Prisma, the wildly-popular photo manipulation application, uses neural networks to regenerate users’ otherwise banal photos into the styles of famous artists and paintings. However, using the application has, until now, come with a bit of a catch. Making photos with Prisma has required internet access, requiring the application to uploads one’s photos and then download them in their new, artistic format.
Prisma now processing photos offline
The quality and variety of filter offered by the application is quite impressive, keeping in mind the server-side machine learning aspect that made these filters possible. Prima’s popularity, however, was often too much for these servers and, in turn, resulted in slow filter previews. Not anymore, says Prisma Labs, which today announced that the iOS version of the application now allows users to edit photos offline by running neural networks on your smartphone.
This update is important for a few reasons. Most obviously, photos now process much more quickly, as they don’t require an internet connection and don’t have to be uploaded to and downloaded from the Prisma cloud. From now on, user’s do not have to worry about server outages. Overall, photo processing should take about 2-3 seconds faster to process on iOS.
Perhaps most importantly, however, is now the update allows users with low data plans or those in locations with poor signal a chance to use the application without any issues.
The servers that were once dedicated to processing photos are now primarily being used to process videos. This appropriation is necessary as video processing is much more intensive, since there are multiple frames per second of footage.
“Now that we’ve implemented neural networks right into the smartphones,” says the Moscow-based team behind Prisma, “we have enough server capacity to run full videos on them in the near future.”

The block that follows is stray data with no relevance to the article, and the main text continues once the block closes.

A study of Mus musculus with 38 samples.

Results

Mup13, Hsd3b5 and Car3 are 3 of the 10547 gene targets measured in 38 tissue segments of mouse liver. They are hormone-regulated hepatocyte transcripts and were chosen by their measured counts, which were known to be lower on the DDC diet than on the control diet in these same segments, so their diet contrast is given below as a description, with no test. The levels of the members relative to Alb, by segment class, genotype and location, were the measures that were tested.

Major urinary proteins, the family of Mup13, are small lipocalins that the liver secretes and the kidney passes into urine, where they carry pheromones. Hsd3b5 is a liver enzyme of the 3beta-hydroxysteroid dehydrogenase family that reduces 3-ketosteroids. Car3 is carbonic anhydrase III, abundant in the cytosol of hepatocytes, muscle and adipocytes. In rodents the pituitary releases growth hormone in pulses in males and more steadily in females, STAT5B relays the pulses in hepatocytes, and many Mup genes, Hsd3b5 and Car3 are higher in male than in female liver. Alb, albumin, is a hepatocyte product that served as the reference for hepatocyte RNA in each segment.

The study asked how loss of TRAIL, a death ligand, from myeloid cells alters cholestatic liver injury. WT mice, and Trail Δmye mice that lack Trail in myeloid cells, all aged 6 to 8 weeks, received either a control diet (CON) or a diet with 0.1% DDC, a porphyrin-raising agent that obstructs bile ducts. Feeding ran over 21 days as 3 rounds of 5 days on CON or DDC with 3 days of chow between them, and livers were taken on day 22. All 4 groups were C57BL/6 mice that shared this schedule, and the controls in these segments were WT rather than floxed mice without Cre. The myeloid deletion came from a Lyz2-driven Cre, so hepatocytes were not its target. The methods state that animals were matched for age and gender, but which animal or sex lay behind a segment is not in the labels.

Prisma to continue developing neural networks
This move is all part of a larger strategy to make Prisma faster and to create more applications, bots, and services powered by neural networks. “Neural networks work great with sound and voice also, but we need to focus on what we have first,” says Aleksey Moiseyenkov, Prima’s cofounder and chief executive.
Additionally, Prisma says the application can now be used as a benchmark for smartphone speed. How this will work remains unclear, however. “Moiseyenkov said that the app will “probably add a special mode…in the near future,” without disclosing any further details.
If you haven’t yet used Prima, it functions a lot like Instagram, without the social network component. Users only have to upload or take a photo, and the free application will transform your photo into artwork in the style of many famous artists and masterpieces. For example, you can make your photo into the style of Katsushika Hokusai’s The Great Wave, or turn your selfie into something that resembles Edvard Much’s The Scream. Half of the application’s filters will now be available offline.
The company also announced its first philanthropic filter, as it has partnered with Elbi, an application that helps charities and organizations crowdfund. When a Prisma user modifies a photo with the “Love” filter they will be given the option to donate $1 to charity.
At the time of writing, 52 million people have installed Prisma and 4 million use it daily, according to the company. Just like Snapchat, Prisma plans to monetize the application via brand filters, which will allow them to keep the application free for users.